Okay, I was going to post this on the sidebar, but it went way long. You know how most people feel about "I Love the '80s" on VH1? That's me and the original "100 Scariest Movie Moments" show on Bravo, and I'm jazzed that it's playing all week in time for Halloween.
There's a lot to love about it, given that in the end it's merely a countdown show. First off, the mix of films included -- new/old, foreign/domestic, cult/mainstream -- is particularly admirable. Second, and maybe most important, the talking heads are a fantastic grouping of not only the usual pop cultural commenters (from the yummy Eric Christian Olsen to the regrettable Coors Light Twins) and one-hit-wonder horror stars (A Nightmare on Elm Street's Heather Langenkamp), but also some of the most enthusiastic and knowledgeable horror minds in the business: from George Romero to Guillermo Del Toro. Oh, and also John Landis, who got in the door because he directed An American Werewolf in London, but who may not even like horror movies, given his tendency to snidely rag on certain movies on the countdown. It's pretty hilarious, actually. Generally, when I reference the special, I do so in one of two contexts: the reason why I like Rob Zombie, or the reason why I like Eli Roth. The reason's the same for both: I don't like the movies they end up making, but I find their respect and enthusiasm for their chosen genre to be extremely likeable, and that's nowhere more evident than in the Bravo special. Plus, yeah, Roth's kind of cute, whatever.
So the idea this year was to add a second two-hour special, Even Scarier Movie Moments, both to pick up the stragglers they never mentioned originally and to include newer movies from the last three years or so. But this little two-part addendum makes me a bit sad because of how not up to par it is with the rest of the series. I know all they really wanted to do was find a way to gush over the Saw franchise and Jenna Fischer's husband, but the whole enterprise seemed like an excuse to jack off over Hostel and Slither, and that made me uneasy. Yes, we all love Jenna now, and we wish her connection to director/husband James Gunn had been known in 2003 so she could have commented on the original list, but enough to jury-rig a new special out of scrap metal? I'm not going to bitch about the rankings -- Hostel placed #1 -- because...what, it's the number one horror movie of horror movies we left off the original list? Ooh, prestigious! I will say, however, that two of the scarier moments of my film-watching life were still left off: the behind-the-dumpster scene in Mulholland Dr. (if The Game made the original list -- it did, #44 -- it's a crime not to include Mulholland), and any number of the jumps and starts in Dead Calm, the first movie ever to make me hide my face behind a pillow.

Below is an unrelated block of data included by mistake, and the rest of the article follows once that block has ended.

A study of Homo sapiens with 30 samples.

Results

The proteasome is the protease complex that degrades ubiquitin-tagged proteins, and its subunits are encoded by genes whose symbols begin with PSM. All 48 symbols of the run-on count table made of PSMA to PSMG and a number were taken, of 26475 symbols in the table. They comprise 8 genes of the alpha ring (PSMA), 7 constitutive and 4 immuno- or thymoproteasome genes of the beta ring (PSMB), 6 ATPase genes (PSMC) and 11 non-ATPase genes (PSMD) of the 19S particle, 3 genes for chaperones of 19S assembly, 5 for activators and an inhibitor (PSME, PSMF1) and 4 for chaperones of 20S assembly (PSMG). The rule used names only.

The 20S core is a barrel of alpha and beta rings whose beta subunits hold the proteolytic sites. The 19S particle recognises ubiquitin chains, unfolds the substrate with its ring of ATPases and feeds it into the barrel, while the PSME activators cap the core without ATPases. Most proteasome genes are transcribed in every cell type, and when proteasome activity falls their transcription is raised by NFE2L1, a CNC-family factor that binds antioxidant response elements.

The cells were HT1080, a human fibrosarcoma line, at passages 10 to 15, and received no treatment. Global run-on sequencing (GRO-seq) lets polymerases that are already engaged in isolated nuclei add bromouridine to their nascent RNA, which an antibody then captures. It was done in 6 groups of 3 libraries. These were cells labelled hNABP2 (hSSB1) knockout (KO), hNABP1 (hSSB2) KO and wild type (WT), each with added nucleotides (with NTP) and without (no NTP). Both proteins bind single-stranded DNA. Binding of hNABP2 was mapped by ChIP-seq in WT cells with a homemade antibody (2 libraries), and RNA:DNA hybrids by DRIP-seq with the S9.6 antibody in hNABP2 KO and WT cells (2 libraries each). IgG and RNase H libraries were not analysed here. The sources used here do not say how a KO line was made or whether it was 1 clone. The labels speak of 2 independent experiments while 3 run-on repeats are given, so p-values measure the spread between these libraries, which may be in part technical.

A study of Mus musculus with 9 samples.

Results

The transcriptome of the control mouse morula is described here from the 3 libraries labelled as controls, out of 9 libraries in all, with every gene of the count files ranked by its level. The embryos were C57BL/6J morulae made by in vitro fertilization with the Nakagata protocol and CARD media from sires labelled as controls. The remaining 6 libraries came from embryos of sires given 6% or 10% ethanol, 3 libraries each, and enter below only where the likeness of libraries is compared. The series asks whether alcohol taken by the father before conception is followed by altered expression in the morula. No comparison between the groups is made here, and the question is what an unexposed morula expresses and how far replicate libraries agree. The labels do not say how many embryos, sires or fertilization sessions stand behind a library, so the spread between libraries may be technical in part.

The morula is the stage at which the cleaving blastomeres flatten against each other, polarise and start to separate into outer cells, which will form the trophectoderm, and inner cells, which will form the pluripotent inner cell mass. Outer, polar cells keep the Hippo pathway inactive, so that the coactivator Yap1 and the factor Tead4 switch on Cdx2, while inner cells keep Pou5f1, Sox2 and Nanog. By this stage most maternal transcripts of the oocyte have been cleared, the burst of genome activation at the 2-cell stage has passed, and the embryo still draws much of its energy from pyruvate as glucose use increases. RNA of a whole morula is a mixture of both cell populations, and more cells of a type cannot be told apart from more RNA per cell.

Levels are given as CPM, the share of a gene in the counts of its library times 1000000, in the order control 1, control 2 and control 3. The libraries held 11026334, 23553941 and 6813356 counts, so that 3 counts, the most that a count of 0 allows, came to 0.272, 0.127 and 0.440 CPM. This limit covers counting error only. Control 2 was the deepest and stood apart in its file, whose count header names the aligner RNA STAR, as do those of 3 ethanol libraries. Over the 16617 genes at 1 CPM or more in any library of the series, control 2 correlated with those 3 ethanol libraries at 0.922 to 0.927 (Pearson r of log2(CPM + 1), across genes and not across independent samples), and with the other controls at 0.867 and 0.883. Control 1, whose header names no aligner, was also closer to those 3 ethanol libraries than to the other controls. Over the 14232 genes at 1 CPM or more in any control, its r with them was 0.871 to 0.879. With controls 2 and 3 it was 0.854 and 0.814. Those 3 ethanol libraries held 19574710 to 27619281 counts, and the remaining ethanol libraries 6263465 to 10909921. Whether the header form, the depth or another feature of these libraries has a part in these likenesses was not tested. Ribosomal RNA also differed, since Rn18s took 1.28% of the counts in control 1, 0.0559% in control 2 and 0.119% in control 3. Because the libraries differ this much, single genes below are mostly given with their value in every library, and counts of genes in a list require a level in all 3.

The biggest gripes on the new list: The Exorcism of Emily Rose and Open Water. Not scary! Neither was 2001: A Space Odyssey, really. The rest of the modern movies placed because torture is so hot right now, though I was glad to see The Hand That Rocks The Cradle and the Dawn of the Dead remake show up. The biggest void was not having as wide an array of talking heads on this new special. Romero and Stephen King and John Carpenter and Wes Craven brought a gravitas that, try as he might, Rider Strong just can't provide. Not to mention that turning Eli Roth's wide-eyed enthusiasm inward to his own movies is FAR less endearing. Oh, and also: if you're going to include as dubious a selection as Fear on the list, at least get the damn right to show clips and not just still photos? I'd love to hear that behind-the-scenes conversation: "Well, it's not really scary, and we don't have the rights to show clips from it...but fuck it. No one cares about Robert Blake's scene in Lost Highway anyway."
This grumpy aside was brought to you by the ghost of Halloween past. Hopefully you can catch the first five parts of the countdown on Bravo this week. Then pop in a DVD of the Office instead of watching the addendum. You won't be sorry.